Tips for beginner piano lessons
These tips will help you choose the best time and instruction method for your child.
The right time
There isn’t one right time to begin piano lessons. However, signs that your child may be ready to learn to play include:
- The child knows basic numbers (one to five for the clefs on a music sheet) and the letters A – G (notes).
- The child must be able to sit still and concentrate for at least 15 minutes.
- The child can manipulate his or her fingers in a systematic way.
- The child has an interest in learning to play the piano.
Some children are ready at age three. Others are not ready until much later. Keep in mind that the younger the child, the more parents will need to be involved in monitoring lessons and practice sessions. If you’re not sure that your child is ready to begin piano lessons, consult a music teacher for advice.
The right place
Parents should consider home-based lessons for younger children. A preschool age child is likely to feel much more relaxed and comfortable at home.
Lessons at the teacher’s home or studio may be a good option for school-aged children who are accustomed to learning outside the home. Keep in mind that lessons at a teacher’s home will be more time-consuming for parents, as the child will need to be ferried to and from the lesson.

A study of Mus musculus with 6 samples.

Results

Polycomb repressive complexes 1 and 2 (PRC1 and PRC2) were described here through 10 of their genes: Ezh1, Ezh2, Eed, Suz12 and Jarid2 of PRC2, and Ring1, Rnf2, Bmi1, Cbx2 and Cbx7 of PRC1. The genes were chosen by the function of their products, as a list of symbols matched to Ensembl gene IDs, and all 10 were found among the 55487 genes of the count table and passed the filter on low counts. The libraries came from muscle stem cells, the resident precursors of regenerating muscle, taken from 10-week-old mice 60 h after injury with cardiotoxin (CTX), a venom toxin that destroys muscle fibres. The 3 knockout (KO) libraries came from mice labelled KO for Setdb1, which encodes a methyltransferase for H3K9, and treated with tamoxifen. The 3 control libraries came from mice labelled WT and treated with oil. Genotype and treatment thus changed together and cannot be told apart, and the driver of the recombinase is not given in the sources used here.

The right piano
An acoustic piano (one with a soundboard and metal strings) is best. Remember that even if your child takes lessons at the teacher’s home, you’ll need a practice piano at home. Acoustic pianos can be expensive. Consider buying a second-hand piano, or ask if a local music store offers rentals. A rental will allow you and your child to test the waters without spending hundreds or thousands of dollars to buy a piano.
The right teacher
Ask friends and your child’s teacher at school for piano teacher recommendations. Choose a teacher whose personality is a match for your child’s and who has had experience teaching children. Do a meet-and-greet before you commit to a teacher.